Should private social networking between teachers and students be banned entirely? Do a few bad apples spoil the entire bunch?
Is it legal for legislators to limit communications to protect teenagers from potentially predatory teachers or that school officials should discipline teenagers for social networking activities that have no school nexus?
Missouri has enacted a first-of-a-kind law that requires state school districts to adopt policies that restrict communications between teachers and students on social networking sites. The law takes effect later this month and will be enforced at the start of 2012.
The law was passed in response to sexual relationships that were formed between teachers and students. Teachers reportedly still can friend students on social networking sites so long as the sites are subject to review by school administrators or parents.
But exclusively private contact between teachers and students is forbidden.
Does this scheme make sense? Will other states follow the lead?
Plainly, teachers should not prey upon students. However, the Missouri law may be overbroad.
Most teachers do not have improper intentions as to their students. Also, there are valid reasons for teacher and students to communicate online. Many schools have Web sites through which teachers and students can interact. Teachers and students also communicate via email. Often times, such communications can be beneficial, having to do with homework, education, and school activities.
A federal judge in Indiana was recently called upon to decide whether teenage girls should have been disciplined by school administrators for posting racy photos on social networking sites wholly apart from school activities.
Without going into lurid detail, suffice it to say that these teenage girls posted relatively suggestive photos of themselves acting out with phallic-shaped lollipops and other items. Because of a couple of complaints from parents and griping from other teenage girls, the subject girls were disciplined by the school.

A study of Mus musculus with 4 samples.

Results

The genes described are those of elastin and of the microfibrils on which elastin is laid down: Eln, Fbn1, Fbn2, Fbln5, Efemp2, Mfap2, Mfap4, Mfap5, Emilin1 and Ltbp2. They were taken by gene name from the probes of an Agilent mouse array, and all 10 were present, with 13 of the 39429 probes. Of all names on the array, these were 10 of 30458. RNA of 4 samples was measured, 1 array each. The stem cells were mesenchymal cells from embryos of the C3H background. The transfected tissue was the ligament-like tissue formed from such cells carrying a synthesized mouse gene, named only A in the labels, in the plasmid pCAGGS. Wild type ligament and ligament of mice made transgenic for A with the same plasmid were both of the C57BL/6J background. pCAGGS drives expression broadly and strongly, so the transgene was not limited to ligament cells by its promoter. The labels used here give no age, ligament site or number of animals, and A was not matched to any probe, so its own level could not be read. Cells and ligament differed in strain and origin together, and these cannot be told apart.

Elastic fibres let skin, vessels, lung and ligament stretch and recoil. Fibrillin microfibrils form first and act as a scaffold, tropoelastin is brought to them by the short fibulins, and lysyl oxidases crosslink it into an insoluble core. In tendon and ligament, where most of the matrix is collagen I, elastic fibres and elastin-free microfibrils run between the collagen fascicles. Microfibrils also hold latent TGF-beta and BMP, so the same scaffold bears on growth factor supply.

While not a fan of the girls' actions, the judge did hold that the disciplining of the girls did violate their First Amendment rights.
The underlying message is that schools do not necessarily have the authority to regulate students day-in and day-out, especially for conduct offsite and unrelated to the schools. And the purpose of the First Amendment is to protect speech, even potentially undesirable speech.
And if teenagers from a younger generation with different norms cannot test the limits of the First Amendment, who can? There is so much content on the Internet now, at some point the shock value should come down to an extent and reasonable reactions should follow.
Eric Sinrod is a partner in the San Francisco office of Duane Morris LLP (http://www.duanemorris.com) where he focuses on litigation matters of various types, including information technology and intellectual property disputes. His Web site is http://www.sinrodlaw.com and he can be reached at firstname.lastname@example.org. To receive a weekly email link to Mr. Sinrod's columns, please send an email to him with Subscribe in the Subject line. This column is prepared and published for informational purposes only and should not be construed as legal advice. The views expressed in this column are those of the author and do not necessarily reflect the views of the author's law firm or its individual partners.